Gov. Roy Cooper has vetoed the biennial budget bill, saying North Carolina residents are dying because Republicans won’t expand Medicaid rolls.

With prospects of budget passage evaporating before the fiscal year ends at midnight June 30, Cooper and Republican lawmakers traded sharp accusations Friday, June 28. They blamed one another for unwillingness to compromise or negotiate seriously. 

House Speaker Tim Moore, R-Cleveland, and Senate leader Phil Berger, R-Rockingham, said Republicans plan to take an override vote. The governor claimed Democrats are united and have the votes to sustain his veto. 

In the meantime, government agencies and programs won’t shut down without a budget. They will continue to operate in the new fiscal year under spending guidelines in the current budget.

 “Many are dying because North Carolina has yet to say an important word — Yes,” Cooper said, surrounded by Democratic lawmakers, teachers, and health-care professionals during a news conference at the governor’s mansion. “Yes, we will accept Medicaid expansion.” 

 People living on the margins and in the health-care coverage gap — making too much to qualify for Medicaid but not enough to buy private insurance — would be helped by expansion, he said.

 But, he said, he wasn’t vetoing the $24 billion 2019-20 budget just because it fails to expand Medicaid

 “This budget is an astonishing failure of common sense and common decency,” Cooper said. “It values corporate tax breaks over classrooms, gimmicks over guaranteed school construction, and political ideology over people.”

Cooper distributed side-by-side comparisons of his budget proposal and the legislature’s bill. He railed against corporate tax breaks and education vouchers that give parents school-choice opportunities. He said teachers and state employees should get higher raises. 

He said there are $8 billion in unmet school construction needs that would best be addressed with a bonded debt and interest payments. He called the legislative budget approach of using established funds on a pay-as-you-go approach a gimmick to create a slush fund promising projects that might never materialize.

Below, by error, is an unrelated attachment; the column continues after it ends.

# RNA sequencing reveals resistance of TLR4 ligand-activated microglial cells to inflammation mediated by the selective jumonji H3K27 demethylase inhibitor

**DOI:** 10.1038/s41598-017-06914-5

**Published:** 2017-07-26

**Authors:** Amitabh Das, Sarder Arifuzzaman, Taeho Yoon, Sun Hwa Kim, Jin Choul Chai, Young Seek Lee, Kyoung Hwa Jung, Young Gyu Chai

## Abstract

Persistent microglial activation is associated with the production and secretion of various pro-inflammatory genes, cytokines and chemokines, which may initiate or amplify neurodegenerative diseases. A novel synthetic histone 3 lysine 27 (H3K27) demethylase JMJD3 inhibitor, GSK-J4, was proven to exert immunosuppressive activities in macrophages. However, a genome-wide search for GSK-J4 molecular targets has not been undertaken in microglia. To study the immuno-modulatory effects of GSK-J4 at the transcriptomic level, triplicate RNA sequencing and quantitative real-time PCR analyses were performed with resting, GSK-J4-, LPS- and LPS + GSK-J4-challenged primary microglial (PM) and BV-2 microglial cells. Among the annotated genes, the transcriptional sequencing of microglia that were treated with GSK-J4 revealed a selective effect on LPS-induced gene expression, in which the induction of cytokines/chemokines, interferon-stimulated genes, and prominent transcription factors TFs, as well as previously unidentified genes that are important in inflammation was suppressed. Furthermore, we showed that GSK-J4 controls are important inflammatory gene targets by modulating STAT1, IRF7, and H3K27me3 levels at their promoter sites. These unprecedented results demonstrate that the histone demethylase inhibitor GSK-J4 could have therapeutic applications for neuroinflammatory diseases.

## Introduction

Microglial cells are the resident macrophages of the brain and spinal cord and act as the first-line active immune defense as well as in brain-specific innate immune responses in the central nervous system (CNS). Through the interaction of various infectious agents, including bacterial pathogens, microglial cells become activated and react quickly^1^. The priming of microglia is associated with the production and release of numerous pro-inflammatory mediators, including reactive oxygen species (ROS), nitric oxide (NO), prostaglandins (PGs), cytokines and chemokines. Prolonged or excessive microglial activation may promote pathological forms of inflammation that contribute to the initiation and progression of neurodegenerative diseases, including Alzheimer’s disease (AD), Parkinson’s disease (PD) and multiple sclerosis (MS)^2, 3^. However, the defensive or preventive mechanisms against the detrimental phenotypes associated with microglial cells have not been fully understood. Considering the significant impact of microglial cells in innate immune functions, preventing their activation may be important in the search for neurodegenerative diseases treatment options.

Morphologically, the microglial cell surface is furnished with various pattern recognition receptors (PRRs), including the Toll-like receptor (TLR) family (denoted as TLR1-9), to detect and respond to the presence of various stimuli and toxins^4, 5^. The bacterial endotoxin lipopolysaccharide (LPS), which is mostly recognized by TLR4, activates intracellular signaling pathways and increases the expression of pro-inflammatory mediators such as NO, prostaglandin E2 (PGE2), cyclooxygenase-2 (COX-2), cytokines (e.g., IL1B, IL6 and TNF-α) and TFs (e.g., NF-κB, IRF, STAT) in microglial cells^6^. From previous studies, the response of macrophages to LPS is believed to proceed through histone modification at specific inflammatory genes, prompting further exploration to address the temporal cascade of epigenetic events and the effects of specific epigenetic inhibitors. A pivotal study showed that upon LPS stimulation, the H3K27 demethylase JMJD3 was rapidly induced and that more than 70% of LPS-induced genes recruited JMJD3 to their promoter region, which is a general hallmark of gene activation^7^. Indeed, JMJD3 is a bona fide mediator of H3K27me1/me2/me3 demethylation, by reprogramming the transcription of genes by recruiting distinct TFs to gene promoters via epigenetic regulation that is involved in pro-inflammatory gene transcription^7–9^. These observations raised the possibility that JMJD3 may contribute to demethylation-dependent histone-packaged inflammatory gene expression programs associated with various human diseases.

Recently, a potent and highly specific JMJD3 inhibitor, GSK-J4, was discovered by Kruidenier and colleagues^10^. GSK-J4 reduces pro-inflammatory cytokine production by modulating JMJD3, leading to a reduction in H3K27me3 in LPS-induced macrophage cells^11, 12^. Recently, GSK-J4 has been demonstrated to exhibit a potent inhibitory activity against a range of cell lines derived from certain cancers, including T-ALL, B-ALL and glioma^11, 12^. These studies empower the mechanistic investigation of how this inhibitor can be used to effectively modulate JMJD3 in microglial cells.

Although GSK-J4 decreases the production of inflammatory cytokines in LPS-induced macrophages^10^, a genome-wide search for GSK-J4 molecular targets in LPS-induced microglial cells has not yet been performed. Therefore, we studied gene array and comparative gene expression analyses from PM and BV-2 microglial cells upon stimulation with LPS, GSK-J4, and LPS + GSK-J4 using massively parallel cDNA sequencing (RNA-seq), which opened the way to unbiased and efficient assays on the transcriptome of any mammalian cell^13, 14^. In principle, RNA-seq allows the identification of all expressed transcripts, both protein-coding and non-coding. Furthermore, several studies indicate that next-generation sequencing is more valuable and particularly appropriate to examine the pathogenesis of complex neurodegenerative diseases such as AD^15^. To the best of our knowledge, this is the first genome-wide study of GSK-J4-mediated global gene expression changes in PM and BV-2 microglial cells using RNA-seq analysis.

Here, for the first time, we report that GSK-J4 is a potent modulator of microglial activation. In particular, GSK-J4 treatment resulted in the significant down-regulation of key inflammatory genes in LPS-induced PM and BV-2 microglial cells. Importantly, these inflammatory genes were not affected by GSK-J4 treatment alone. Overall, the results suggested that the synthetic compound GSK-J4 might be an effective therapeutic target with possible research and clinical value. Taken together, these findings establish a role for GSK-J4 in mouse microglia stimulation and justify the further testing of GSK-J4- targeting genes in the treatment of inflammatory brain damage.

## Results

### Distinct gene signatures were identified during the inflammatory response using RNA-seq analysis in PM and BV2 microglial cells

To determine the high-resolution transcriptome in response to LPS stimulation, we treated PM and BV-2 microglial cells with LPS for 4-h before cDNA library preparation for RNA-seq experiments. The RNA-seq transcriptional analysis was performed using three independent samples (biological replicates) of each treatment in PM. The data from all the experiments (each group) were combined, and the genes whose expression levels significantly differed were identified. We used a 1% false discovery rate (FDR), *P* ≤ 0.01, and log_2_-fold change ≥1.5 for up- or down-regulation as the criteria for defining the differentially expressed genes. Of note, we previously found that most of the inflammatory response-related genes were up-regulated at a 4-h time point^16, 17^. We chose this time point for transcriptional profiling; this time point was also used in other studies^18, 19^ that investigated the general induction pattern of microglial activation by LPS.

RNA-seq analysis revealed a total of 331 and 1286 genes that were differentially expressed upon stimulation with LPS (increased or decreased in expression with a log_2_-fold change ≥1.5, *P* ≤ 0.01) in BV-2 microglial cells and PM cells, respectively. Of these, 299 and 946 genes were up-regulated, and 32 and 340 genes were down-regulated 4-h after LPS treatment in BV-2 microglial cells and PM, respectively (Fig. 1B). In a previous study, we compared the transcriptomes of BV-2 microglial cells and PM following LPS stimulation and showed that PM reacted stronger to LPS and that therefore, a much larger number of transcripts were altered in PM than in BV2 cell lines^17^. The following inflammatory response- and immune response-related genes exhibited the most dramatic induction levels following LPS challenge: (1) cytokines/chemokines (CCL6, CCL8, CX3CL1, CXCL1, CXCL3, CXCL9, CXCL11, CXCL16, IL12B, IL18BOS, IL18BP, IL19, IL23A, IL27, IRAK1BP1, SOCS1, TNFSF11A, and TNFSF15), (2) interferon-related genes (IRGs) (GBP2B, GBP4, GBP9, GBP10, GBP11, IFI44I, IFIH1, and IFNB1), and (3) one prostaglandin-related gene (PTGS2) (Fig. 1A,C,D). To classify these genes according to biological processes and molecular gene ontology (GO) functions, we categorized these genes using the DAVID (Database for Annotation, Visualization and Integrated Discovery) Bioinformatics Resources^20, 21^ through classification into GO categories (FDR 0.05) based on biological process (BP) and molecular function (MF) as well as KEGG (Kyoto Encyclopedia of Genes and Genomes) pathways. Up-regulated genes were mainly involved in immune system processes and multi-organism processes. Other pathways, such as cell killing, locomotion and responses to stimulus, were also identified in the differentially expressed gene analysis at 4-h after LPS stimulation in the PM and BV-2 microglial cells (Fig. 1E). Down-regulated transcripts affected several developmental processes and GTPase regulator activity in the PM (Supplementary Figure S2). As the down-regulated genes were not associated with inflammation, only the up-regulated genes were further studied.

Cooper said Republican lawmakers didn’t take his budget priorities seriously. They simply sprinkled some money around, salting some programs without agency requests in the hopes of winning votes for budget passage.

Cooper said he and his staff would pore over the budget next week and submit a compromise proposal the following week. Rather than wait for a special session later this summer, the budget should be completed while lawmakers are still in session, he said. 

“Blocking billions of dollars in funding for North Carolina communities less than a day after receiving the budget is a reckless and irresponsible decision by the governor that must be overridden to deliver critical investments in infrastructure, disaster relief, public safety, pay raises, and school construction to our state’s citizens,” House Speaker Tim Moore, R-Cleveland, said in a press release.

Senate leader Phil Berger, R-Rockingham, held a press conference shortly after Cooper’s event. He said he wasn’t optimistic Cooper wanted to compromise based on the governor’s track record in negotiations. He said Republicans have met with Cooper since mid-June and repeatedly solicited his counter offer — without success.  

Berger expects the House to attempt to override Cooper’s veto of House Bill 966. Because the budget bill originated in the House, it would vote first. If successful, the Senate would follow. A three-fifths vote in each chamber is needed to override.

“This is and has always been about Medicaid expansion,” Berger said. “The governor is blocking funds for teacher and state employee raises, the rape kit backlog, the Human Trafficking Commission, and other crucial investments so he can can brag to his far-left base that he vetoed the budget over Medicaid expansion.”

He said Medicaid expansion is bad policy because it could blow a large hole in the state budget. Although the federal government would pay 90% of costs initially, it likely will lower that match and shift costs to the state. Cooper wants the state’s hospitals to pay the state’s 10% match. Berger said those costs would be passed on to patients.

He said 60% of the Medicaid expansion population already qualifies for subsidized insurance plans on the federal health exchange. 

Berger said Medicaid expansion is oversold as a solution to rural health-care problems, hospital financial problems, the shortage of health-care providers, and the opioid crisis.

Republicans have been serious about putting together a budget with as many bipartisan votes as possible and included as many elements as possible to avoid a veto, Berger said. He said he’s not asked for nor received a pledge from any members to vote for the budget in exchange for including sweeteners. 

Senators should vote based on what’s best for their districts and constituents, not their parties, he said.

Berger said Cooper wanted Medicaid to be part of a two-track budget process, but has flip-flopped in demanding it be part of the budget compromise. 

The Senate can’t take up Medicaid expansion this session because of that body’s rules, Berger said. Earlier in the session Medicaid expansion was tabled, meaning it was dead for the session. A two-thirds vote would be needed to revive it, but he doesn’t think there are enough votes to meet that threshold.